WASHINGTON – The federal agency in charge of aviation security collected extensive personal information about airline passengers even though Congress forbade it and officials said they wouldn’t do it, according to documents obtained Monday by the Associated Press.
The Transportation Security Administration bought and is storing details about U.S. citizens who flew on commercial airlines in June 2004 as part of a test of a terrorist screening program called Secure Flight, the documents indicate.
“TSA is losing the public’s trust,” said Tim Sparapani, a privacy lawyer with the American Civil Liberties Union. “They have a repeated, consistent problem with doing one thing and then saying they did another.”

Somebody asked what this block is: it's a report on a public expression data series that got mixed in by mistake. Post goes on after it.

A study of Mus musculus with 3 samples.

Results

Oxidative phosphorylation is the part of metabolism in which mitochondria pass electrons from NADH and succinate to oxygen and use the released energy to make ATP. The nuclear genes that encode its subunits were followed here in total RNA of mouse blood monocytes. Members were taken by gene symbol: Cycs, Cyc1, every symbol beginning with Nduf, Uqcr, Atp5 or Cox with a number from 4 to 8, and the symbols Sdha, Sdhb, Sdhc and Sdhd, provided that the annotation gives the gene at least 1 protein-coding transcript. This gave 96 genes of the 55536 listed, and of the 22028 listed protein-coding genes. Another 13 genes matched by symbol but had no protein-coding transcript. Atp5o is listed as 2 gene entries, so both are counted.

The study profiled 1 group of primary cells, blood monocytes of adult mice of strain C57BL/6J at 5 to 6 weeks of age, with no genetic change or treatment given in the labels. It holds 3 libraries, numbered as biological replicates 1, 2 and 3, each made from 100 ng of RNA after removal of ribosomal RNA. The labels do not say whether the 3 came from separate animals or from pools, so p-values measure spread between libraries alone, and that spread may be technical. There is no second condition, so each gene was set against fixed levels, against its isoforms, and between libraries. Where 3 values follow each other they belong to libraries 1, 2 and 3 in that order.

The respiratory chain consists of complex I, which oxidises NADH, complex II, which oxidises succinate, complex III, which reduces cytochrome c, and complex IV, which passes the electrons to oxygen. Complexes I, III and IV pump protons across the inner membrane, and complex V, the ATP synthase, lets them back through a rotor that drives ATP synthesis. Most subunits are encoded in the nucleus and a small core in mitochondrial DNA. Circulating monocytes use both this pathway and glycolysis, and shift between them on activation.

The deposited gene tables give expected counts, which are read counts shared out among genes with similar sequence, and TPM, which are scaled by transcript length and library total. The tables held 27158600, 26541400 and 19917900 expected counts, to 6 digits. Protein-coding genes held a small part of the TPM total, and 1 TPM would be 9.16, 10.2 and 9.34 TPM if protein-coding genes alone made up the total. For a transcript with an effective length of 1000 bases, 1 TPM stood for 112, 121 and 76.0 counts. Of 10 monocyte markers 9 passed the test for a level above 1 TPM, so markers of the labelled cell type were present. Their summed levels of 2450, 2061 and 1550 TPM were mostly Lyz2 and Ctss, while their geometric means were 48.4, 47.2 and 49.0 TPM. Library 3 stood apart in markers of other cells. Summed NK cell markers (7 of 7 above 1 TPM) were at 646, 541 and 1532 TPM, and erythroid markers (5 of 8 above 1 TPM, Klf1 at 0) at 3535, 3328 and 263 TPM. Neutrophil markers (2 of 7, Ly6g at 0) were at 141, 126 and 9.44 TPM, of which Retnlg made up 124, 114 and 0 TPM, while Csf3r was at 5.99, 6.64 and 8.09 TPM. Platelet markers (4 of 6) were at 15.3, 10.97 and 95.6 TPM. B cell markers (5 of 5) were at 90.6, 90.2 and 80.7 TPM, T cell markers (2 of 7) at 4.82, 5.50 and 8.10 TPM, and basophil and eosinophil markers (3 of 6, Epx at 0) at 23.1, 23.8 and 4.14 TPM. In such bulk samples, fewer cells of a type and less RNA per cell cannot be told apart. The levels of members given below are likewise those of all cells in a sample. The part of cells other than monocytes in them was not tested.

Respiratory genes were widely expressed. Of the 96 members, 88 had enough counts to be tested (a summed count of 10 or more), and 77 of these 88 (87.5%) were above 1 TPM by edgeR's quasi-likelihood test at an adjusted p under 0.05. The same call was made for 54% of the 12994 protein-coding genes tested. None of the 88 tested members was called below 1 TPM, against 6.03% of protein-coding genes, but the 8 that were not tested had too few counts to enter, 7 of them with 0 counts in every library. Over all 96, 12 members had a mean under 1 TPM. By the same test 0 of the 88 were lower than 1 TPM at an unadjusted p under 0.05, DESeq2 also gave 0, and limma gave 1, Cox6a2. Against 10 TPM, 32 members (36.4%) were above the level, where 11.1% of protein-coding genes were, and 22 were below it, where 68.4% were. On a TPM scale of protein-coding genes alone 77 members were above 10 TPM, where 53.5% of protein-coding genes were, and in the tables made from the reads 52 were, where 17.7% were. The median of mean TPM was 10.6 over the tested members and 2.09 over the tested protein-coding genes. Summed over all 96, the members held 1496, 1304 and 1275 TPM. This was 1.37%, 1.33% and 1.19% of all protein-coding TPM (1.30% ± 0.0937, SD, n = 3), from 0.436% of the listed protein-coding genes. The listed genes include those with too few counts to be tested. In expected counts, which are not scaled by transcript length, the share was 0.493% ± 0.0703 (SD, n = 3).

Secure Flight and its predecessor, CAPPS II, have been criticized for secretly obtaining personal information about airline passengers and failing to do enough to protect it.
The TSA and several airlines were embarrassed last year when it was revealed that airlines gave personal information on 12 million passengers to the government without the travelers’ permission or knowledge. An inspector general’s report found TSA misled the public about its role in acquiring the data.
Class-action lawsuits have been brought against airlines and government contractors for sharing passenger data. As a result, airlines agreed to turn over passenger data for testing only after they were ordered to do so by the government in November.
According to the documents, to be published in the Federal Register this week, the TSA gave the data, known as passenger name records, to its contractor, Virginia-based EagleForce Associates. Passenger name records can include a variety of information, including name, address, phone number and credit card information.